Diabetics know what they will hear whenever they see their doctor: another exhortation to eat right and exercise, because that's how to keep blood sugar low and under control. It's proven advice, but not enough to prevent a long list of diabetic complications from sending you to the emergency room, say diabetes experts.
Diabetes-related complications, in fact, are among the most common reasons for hospitalization, according to a recent study in the Journal of Women's Health. Researchers found that in 2006, for example, diabetics hospitalized because of congestive heart failure accounted for more than 1 in every 16 discharges; diabetics with pneumonia made up another 1 in 26. Moreover, the overall rate of hospital admissions for diabetics is rising—up more than 65 percent between 1993 and 2006. And it will climb even faster if the Centers for Disease Control and Prevention's recent estimate that as many as 1 in 3 Americans, up from 1 in 10 now, will have type 1 or type 2 diabetes by 2050 holds up.
For those who already have the disease, though, there is hope. Some of these tips may help keep you healthy—and out of the hospital:
Do a daily foot check. "Keeping good watch over your feet is an important aspect of good diabetes care," says Joyce Lee, a coauthor of the Women's Health study and assistant professor in the department of pediatrics and communicable diseases at the University of Michigan Hospitals and Health Centers. A high blood glucose level can cause nerve damage in the feet, and you might not feel a cut, scrape, or blister that could be the start of a deep skin infection. Data from the study indicates that young men are especially prone to such ulcerations. Applying lotion regularly and drinking lots of water can keep skin on the feet—and the rest of the body—from becoming dry and cracked, advises the National Diabetes Information Clearinghouse.
Coddle teeth and gums. Diabetics run an increased risk of tooth decay, inflamed gums, and gum disease because the condition increases vulnerability to bacterial infections and hampers the ability to fight them. Periodontitis, an especially severe infection that destroys gum tissue and the bone that holds teeth in place, also complicates a diabetic's life by raising blood sugar levels when hormones are released by the immune system to battle the infection, warns the American Diabetes Association. Brushing after every meal, or at least twice a day, and flossing once a day is crucial, according to the NDIC.
Go easy on salt. Sodium and high blood pressure go hand in hand, and high blood pressure multiplies a diabetic's already elevated risk of cardiovascular and kidney diseases, says Om Ganda, director of the lipid clinic at the Joslin Diabetes Center in Boston. The landmark DASH study by researchers at the National Heart, Lung, and Blood Institute of the National Institutes of Health, published in 2001 in the New England Journal of Medicine, showed that cutting down on salt dramatically reduced blood pressure even in those on a healthy diet rich in veggies, fruit, and low-fat dairy. The American Heart Association says that 1,500 milligrams of salt—about two-thirds of a teaspoon—should be the daily limit; the average American consumes two to three times as much. Cutting back on salt isn't just a matter of reaching for the shaker less often, unfortunately. Prepared foods tend to be salt-heavy: One large fast-food taco or egg-and-sausage biscuit has close to the AHA's recommended limit. Even unlikely suspects such as a half cup of low-fat cottage cheese or a smallish cinnamon-raisin bagel will kick in almost a third of the recommended total. For diabetics, zeroing in on the number next to sodium on nutritional labels is a survival skill.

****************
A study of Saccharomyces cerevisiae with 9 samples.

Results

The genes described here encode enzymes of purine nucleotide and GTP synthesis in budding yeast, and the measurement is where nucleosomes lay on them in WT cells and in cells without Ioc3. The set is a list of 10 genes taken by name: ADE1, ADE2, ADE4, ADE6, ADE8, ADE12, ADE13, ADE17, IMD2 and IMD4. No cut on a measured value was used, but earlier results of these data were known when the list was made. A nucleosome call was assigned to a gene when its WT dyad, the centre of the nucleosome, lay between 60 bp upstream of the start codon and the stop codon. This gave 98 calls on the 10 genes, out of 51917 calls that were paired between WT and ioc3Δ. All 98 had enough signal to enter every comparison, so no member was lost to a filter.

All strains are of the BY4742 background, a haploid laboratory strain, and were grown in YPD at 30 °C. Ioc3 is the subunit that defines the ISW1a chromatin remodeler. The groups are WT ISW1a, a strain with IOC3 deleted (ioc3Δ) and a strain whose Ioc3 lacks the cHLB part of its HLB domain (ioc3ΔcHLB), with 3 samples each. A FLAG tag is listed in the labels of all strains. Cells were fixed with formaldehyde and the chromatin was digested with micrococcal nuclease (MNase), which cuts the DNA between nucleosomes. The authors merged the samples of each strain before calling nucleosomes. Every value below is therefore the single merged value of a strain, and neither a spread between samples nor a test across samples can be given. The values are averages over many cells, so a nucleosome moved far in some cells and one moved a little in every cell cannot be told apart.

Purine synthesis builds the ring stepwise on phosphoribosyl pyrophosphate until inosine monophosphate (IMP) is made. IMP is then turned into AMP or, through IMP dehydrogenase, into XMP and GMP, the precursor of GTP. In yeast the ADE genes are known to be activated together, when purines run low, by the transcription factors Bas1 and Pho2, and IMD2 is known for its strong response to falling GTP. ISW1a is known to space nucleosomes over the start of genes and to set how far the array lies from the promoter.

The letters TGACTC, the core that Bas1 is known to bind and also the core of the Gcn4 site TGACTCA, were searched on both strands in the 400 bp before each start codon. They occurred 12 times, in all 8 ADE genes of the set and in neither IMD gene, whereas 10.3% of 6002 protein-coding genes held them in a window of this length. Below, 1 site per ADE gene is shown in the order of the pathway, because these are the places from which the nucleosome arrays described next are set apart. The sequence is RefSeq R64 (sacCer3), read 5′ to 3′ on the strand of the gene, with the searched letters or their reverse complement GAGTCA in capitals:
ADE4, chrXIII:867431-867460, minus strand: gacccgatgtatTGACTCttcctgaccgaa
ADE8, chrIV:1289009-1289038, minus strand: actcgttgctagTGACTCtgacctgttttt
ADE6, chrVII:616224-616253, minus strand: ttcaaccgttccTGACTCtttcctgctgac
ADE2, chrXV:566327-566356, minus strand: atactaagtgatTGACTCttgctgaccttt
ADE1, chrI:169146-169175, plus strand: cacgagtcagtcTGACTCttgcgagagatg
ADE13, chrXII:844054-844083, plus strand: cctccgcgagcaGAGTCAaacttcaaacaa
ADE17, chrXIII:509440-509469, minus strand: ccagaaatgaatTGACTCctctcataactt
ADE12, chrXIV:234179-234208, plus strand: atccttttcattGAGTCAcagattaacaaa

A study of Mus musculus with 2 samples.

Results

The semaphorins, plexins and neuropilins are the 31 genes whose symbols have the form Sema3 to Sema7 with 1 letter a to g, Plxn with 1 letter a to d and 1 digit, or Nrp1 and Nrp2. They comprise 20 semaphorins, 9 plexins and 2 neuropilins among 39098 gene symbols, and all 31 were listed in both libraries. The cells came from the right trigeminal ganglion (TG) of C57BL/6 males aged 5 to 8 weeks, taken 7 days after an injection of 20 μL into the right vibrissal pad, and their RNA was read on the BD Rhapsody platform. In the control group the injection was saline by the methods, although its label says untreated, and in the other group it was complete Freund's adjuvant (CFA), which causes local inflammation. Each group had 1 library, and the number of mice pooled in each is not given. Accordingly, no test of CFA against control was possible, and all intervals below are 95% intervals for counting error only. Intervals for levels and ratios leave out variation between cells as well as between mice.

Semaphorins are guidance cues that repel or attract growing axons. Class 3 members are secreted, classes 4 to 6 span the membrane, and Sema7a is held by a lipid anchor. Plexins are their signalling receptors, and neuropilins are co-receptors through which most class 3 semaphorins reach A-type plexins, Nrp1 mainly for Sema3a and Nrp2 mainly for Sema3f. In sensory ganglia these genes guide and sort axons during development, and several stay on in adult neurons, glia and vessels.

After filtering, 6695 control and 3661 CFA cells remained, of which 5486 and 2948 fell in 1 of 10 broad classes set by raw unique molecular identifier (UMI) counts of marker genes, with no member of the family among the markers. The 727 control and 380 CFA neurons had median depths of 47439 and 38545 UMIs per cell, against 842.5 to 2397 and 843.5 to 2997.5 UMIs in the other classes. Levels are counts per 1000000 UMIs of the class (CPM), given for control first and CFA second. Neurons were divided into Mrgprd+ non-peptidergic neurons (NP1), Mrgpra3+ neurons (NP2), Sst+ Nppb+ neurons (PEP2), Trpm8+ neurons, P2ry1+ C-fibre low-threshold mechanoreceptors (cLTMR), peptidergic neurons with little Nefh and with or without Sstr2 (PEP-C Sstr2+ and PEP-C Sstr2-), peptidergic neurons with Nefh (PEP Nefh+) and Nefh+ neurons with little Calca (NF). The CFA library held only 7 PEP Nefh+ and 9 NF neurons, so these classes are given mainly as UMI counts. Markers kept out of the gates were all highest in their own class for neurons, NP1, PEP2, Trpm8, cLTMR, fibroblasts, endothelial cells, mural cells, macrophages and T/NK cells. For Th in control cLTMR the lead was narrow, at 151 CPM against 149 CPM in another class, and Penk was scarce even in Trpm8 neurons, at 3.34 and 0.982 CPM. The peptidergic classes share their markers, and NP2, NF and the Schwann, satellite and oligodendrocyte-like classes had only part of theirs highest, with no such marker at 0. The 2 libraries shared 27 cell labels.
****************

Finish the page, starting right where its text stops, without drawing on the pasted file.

Kick the habit. Smoking is a major factor in atherosclerosis, which frequently puts diabetics in the hospital when an artery becomes blocked and causes a heart attack, stroke, or other vascular problem. Smoking also raises blood pressure and cholesterol. And a diabetic who smokes has a greater risk of pneumonia and of having a worse case.
Fend off depression. "This is a chronic illness where patients are reminded daily they have diabetes," says Tom Donner, acting director of the Johns Hopkins Diabetes Center. "That's a taxing burden." Depression is dangerous for diabetics because it can make them feel as if they have no control over their illness, says Robert Rizza, executive dean of research and a diabetes specialist at the Mayo Clinic in Rochester, Minn. That may make them feel so helpless they might not stick to their medications or show up for doctor visits. Yoga or meditation can reduce the stress, and a special interest or activity—a book club, fantasy football, birdwatching—can let you again take pleasure from life, making your disease more manageable.
Most complications stemming from diabetes are preventable; the key is to understand and manage the illness from Day 1 to keep minor complications from becoming major. Diabetes is a time bomb, says Rizza. "It's ticking," he says, "and unless you're taking care of it...you'll end up in the hospital."